State 'squandering' money - Stiglitz


Nobel Prize-winning economist Joseph Stiglitz said the Government is "squandering" public money with its plan to establish the National Assets Management Agency (Nama).

Minister for Finance Minister Brian Lenihan said last month the Government will spend €54 billion buying up loans with a face value of €77 billion. The current market value of the loans is some €47 billion.

The €7 billion difference takes into account the properties' "long-term economic value", Mr Lenihan said.

"The Irish Government is squandering large amounts of money to bail out banks," Mr Stiglitz said at conference in Dublin today. "There's a sort of a view that there's no alternative."

That view is "nonsense", Mr Stiglitz said. "The rule of capitalism says that when firms can't pay what they owe, they go bankrupt."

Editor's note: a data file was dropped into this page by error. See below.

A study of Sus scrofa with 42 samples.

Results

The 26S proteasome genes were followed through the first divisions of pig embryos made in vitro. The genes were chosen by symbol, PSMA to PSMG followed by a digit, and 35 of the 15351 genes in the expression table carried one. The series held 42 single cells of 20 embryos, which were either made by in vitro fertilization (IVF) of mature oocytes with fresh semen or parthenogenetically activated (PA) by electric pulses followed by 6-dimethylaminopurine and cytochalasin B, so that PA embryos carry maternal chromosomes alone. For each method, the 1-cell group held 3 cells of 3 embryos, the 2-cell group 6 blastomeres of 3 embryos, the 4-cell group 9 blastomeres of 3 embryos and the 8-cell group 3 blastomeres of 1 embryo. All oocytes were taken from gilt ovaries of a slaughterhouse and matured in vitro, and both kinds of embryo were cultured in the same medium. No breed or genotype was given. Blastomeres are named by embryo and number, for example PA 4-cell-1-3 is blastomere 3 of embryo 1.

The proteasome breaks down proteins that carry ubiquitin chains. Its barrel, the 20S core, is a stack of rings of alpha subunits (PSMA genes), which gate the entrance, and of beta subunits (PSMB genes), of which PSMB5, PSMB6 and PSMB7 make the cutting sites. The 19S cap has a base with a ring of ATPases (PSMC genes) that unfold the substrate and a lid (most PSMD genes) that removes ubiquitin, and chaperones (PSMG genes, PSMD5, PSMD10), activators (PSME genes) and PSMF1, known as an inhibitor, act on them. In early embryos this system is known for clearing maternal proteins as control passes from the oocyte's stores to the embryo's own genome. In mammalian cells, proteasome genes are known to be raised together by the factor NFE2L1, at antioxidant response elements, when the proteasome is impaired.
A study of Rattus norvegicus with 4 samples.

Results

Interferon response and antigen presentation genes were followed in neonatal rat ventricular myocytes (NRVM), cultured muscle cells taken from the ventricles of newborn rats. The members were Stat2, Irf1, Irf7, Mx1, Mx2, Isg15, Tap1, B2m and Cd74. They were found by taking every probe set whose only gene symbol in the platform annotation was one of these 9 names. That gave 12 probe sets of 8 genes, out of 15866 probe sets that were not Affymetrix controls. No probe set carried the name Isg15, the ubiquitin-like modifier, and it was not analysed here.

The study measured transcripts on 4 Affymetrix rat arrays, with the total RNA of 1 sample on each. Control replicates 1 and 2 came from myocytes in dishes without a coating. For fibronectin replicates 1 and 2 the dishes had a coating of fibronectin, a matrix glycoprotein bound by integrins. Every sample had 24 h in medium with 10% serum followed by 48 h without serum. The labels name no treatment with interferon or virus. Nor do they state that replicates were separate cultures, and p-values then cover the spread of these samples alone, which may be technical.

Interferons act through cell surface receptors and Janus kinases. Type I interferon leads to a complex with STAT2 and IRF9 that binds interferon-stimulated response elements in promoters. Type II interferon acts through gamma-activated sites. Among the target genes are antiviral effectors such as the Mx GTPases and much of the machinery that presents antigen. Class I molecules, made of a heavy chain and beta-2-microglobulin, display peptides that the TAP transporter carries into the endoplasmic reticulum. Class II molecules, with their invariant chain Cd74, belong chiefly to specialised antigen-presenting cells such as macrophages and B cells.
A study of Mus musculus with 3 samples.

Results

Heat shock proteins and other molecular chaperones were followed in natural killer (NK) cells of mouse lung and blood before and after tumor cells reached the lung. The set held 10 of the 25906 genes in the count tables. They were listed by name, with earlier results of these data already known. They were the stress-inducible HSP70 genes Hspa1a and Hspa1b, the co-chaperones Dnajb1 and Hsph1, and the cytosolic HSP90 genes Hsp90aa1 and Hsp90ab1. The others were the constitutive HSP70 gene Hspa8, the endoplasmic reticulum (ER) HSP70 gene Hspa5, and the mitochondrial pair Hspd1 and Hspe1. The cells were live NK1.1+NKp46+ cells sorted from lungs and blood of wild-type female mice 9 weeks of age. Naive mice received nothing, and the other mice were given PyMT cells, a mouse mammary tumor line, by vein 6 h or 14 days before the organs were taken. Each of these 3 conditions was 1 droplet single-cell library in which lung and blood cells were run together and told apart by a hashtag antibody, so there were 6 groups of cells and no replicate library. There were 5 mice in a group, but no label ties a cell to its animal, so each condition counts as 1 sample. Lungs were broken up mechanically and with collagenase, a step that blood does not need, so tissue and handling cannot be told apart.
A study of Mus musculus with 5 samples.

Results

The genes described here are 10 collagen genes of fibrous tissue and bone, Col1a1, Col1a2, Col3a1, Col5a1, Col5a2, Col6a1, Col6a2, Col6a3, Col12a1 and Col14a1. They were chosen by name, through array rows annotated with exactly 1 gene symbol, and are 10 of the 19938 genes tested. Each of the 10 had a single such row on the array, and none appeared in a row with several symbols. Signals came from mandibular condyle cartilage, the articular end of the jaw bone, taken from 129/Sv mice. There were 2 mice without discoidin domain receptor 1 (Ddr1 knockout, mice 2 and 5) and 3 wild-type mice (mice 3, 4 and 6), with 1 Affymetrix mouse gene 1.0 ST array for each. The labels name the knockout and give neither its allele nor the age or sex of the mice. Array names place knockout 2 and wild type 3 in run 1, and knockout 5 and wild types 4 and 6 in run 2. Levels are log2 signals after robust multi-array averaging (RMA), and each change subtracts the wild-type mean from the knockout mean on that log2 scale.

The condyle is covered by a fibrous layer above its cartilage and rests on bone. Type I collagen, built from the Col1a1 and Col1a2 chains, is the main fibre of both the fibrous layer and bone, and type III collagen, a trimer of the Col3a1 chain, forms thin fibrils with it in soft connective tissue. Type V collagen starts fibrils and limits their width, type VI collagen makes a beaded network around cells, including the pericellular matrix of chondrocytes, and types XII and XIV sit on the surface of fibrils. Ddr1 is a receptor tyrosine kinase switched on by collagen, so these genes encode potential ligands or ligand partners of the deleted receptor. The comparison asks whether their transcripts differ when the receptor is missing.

"It's a massive transfer of money from the public to bankers," he said today.

Mr Stiglitz, a professor at Columbia University in New York, told RTÉ's Prime Timelast night that overpaying for the loans was "criminal".

Fine Gael finance spokesman Richard Bruton welcomed the intervention of Prof Stiglitz.

"Together with George Soros, Professor Stiglitz is one of the prominent advocates of Fine Gael's 'good bank' solution to fixing the banks. He joins financier Dermot Desmond, commentator David McWilliams, and Michael O'Sullivan of Credit Suisse Private Bank, among others," Mr Bruton said.

"The approach outlined by Professor Stiglitz leaves the risk and responsibility for working out toxic developer loans with the bankers who made them, and the investors who funded them, while also ensuring that a cleansed and healthy banking system is ready to restart lending.

"There is still an opportunity to ditch the massive Nama gamble and adopt Fine Gael's safer and more effective solution to fixing the banks by setting up a National Recovery Bank," Mr Bruton added.